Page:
People hugging trees – especially ones which are inhabited by ferocious hairy caterpillars – might seem a daft thing to do. Especially when we are told that the creepy crawlies can cause ‘itchy or painful skin rashes’ and that the moth which emerges from them is ‘a risk to human health’ and can also give people sore throats, eye problems and breathing difficulties.
Being a bit of a bit of a tree hugger myself, though, I totally understand the motives behind former Senator Nigel Quérée’s attempt to save two trees in the People’s Park, regardless of the influx of oak precessionary moth caterpillars.
For a number of years I lived in one of the UK’s so-called ‘new towns’ on the outskirts of the London metropolis. Apart from the fact that most of the buildings are constructed from concrete, one of the changes I found most difficult to tolerate, especially at first, was the complete absence of any trees.
Presumably the 1960s planners who had been so careful to introduce avant garde architectural principles had decided that plant life was unnecessary (and would probably be vandalised).
I learned to value the trees that were confined to the local park and, like many of us, I hate to see a living part of our planet that has taken many years to grow be destroyed in half an hour by a chain saw.
We are told that these Very Hungry Caterpillars (and yes, I also know the words of the children’s book off by heart) have come to the Island from eastern Europe, probably hitching a ride on the back of a vehicle. I’m not sure how they deal with these predators in foreign parts, but it is certainly providing a bit of a problem for both the Environment Department and the folks at Transport and Technical Services.
It is a credit to our community, however, that people still care enough about trees to give them a cuddle now and then.
La Coupe building: From the sea it looks even worse
ANOTHER daft notion that caught my eye last week was the palatial residence taking shape on the cliff top overlooking La Coupe.
I noticed the new building site several months ago, while following the beautiful coastline walk from St Catherine’s to Rozel. It is one of my favourites and a lesser-known route which I often have all to myself.
At the time, when I spotted the monstrosity rising out of the trees, I did wonder who the dickens had managed to obtain planning permission to erect a structure of such gigantic proportions on one of the Island’s most remote headlands.
Then, a couple of weeks ago, I had the chance to look at it more closely, while paddling around the coast in a kayak. It is quite amazing how the vista changes from the other side of the shoreline – and how artefacts can expand to twice their normal proportions.
Despite the protestations of the owner and the architect that ‘it is unfair to judge the property half-way through construction’, I’m afraid that half-way through is more than enough time for me to voice a judgment.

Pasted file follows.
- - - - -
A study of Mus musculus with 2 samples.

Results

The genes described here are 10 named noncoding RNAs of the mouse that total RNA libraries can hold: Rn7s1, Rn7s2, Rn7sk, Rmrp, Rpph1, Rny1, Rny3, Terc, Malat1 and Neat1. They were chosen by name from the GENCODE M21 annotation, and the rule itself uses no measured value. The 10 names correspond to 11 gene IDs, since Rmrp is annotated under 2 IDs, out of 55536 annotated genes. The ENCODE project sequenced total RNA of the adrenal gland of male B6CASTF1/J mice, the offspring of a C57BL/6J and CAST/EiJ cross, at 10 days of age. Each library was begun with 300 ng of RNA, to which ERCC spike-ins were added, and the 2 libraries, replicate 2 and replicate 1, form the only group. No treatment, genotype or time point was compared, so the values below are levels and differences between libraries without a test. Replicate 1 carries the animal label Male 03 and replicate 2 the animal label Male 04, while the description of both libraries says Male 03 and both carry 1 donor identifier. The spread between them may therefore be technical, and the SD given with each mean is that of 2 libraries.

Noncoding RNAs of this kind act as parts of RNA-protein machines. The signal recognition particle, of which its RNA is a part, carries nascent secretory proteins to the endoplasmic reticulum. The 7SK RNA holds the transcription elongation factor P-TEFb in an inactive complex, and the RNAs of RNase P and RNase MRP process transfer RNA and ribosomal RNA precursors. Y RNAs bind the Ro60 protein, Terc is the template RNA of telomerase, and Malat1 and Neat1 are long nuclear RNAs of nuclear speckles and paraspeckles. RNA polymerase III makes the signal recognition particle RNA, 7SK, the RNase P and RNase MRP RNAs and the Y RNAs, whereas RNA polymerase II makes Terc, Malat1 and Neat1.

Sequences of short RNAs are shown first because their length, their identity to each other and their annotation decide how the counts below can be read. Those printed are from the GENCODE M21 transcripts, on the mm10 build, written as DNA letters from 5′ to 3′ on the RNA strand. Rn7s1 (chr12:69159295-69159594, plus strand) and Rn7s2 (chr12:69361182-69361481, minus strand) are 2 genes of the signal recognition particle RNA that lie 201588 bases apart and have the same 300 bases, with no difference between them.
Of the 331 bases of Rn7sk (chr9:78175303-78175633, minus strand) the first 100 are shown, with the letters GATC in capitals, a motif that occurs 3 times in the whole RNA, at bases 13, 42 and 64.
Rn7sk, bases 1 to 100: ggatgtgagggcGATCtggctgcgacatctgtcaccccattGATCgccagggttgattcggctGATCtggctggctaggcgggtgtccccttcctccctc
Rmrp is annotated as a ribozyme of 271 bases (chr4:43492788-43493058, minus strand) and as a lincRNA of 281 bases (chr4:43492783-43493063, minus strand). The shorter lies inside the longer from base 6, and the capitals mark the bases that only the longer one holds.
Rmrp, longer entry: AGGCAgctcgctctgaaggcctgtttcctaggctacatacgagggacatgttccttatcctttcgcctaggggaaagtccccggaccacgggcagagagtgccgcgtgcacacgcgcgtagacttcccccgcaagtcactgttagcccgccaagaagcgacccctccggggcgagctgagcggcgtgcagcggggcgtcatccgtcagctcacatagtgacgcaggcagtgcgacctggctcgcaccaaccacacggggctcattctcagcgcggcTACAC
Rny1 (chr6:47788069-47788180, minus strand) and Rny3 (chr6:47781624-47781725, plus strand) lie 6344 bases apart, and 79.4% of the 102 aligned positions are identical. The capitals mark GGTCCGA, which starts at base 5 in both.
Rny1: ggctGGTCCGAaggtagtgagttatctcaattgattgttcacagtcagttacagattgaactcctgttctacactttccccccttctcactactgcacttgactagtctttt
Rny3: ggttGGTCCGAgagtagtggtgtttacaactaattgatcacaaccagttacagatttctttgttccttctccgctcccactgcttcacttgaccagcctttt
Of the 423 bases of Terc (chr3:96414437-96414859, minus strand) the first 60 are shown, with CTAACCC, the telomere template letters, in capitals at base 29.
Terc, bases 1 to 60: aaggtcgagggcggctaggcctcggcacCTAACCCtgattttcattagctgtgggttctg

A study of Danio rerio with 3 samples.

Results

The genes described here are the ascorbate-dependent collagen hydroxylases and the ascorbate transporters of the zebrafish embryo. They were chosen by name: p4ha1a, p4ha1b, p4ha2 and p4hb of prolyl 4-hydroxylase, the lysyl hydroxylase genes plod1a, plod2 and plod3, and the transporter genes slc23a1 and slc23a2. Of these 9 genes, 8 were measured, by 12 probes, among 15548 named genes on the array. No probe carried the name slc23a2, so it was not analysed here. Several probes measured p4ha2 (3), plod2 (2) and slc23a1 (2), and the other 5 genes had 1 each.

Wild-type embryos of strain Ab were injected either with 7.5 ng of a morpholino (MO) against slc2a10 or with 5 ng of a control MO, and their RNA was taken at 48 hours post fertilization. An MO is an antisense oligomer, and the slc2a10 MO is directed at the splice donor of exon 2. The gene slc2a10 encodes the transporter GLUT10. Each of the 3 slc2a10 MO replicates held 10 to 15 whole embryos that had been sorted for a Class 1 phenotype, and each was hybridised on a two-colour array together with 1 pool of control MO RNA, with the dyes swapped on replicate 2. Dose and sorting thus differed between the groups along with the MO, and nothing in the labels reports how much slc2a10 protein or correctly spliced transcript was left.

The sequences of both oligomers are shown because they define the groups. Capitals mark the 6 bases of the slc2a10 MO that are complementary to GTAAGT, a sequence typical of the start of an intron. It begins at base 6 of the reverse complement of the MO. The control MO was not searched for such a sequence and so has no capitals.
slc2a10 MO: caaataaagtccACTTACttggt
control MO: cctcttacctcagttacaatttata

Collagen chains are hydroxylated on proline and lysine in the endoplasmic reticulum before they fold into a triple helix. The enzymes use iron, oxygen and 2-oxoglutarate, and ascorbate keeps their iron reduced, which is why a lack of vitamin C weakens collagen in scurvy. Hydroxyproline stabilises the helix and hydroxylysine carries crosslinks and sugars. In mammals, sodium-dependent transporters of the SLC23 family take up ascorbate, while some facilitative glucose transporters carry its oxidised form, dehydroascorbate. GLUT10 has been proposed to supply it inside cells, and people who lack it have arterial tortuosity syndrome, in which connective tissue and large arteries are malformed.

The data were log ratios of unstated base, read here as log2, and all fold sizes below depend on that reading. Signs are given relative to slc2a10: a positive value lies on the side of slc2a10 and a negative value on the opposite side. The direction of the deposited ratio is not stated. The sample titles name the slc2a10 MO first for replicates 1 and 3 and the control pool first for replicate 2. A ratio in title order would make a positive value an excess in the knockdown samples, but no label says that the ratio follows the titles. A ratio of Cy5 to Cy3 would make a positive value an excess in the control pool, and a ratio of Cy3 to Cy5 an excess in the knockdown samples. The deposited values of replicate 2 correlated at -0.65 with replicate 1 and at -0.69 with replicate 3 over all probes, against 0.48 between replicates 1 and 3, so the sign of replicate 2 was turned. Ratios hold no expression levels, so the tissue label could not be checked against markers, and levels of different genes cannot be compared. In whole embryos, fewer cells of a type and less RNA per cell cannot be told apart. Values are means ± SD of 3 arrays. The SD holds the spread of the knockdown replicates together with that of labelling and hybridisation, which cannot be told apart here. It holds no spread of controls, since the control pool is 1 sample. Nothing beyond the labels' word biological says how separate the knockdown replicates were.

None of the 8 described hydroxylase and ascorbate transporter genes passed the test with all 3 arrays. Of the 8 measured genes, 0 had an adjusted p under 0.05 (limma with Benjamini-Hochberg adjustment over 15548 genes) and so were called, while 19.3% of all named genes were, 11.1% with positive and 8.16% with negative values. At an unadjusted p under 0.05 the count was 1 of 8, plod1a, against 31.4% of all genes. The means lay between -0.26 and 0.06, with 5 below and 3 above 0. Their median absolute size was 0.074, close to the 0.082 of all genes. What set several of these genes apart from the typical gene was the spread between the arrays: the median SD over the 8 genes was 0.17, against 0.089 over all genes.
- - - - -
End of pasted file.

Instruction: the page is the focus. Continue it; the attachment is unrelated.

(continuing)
This thing is an eyesore. Not only that, but it sets a precedent for others to come along and do exactly the same thing – buy a cottage, knock it down and replace it with a mansion.
Full marks to environmentalist and National Trust president Mike Stentiford for bringing it to the attention of the wider public.
Watch where the money goes
A THIRD stupidity reported last week relates to States spending.
Apparently, the Island’s Comptroller and Auditor General, Chris Swinson, has been looking at the government’s books and has found them wanting.
Mr Swinson has produced a report on the management of public finances which shows not only that the States financial planners look no further than the end of the next financial year, but also that the system enables departments to ‘obscure their cost profiles’ – so that they ask for money for one thing and spend it on something else.
For anyone interested in the world of business, a five-year plan is not unusual; some companies even have ten-year plans. Business planners would regard a one-year plan as totally inadequate, in today’s world. As Mr Swinson points out, many of the decisions taken by the States Treasury will affect us many years from now.
As for the ‘cooking of the books’, the Jersey Chamber of Commerce have been saying for several years that they believe there should be a proper investigation into how States spending is managed.
It now appears that they were right to question this, despite protestations over the last couple of years by senior politicians that all the savings that could be made have been made.
Anecdotally, we have probably all heard horror stories about States money being allocated to some departments and then being spent on fripperies like fancy furniture and flat-screen televisions. Some departments apparently pay well over the odds for goods and services because no one checks whether things could be done more cheaply.
What senior politicians have been claiming does not seem to tally with people working at the lower end of the States chain on a day-to-day basis.
Mr Swinson has been in post for some time now. I really do hope that this latest report hits the target it is intended for and that the powers that be start to put thought into action. Otherwise he will have been wasting his breath.
Here’s a quacker of a recipe for keeping fit …
A READER asked me last week what to do with bread which they might normally feed to the ducks and geese at Queen’s Valley.
Here’s an old family recipe for bread pudding:
• Take about half a pound of stale bread.
• Soak in water until soggy, strain and squeeze as dry as possible and mash out any lumps.
• Mix with four ounces of dried fruit, two ounces of sugar and two ounces of butter, and add a pinch of mixed spice, an egg, and enough milk to make a dropping consistency.
• Bake for an hour in medium oven and leave to cool. Sprinkle with sugar.
It will give you loads of energy to run around the reservoir twice as quickly as usual.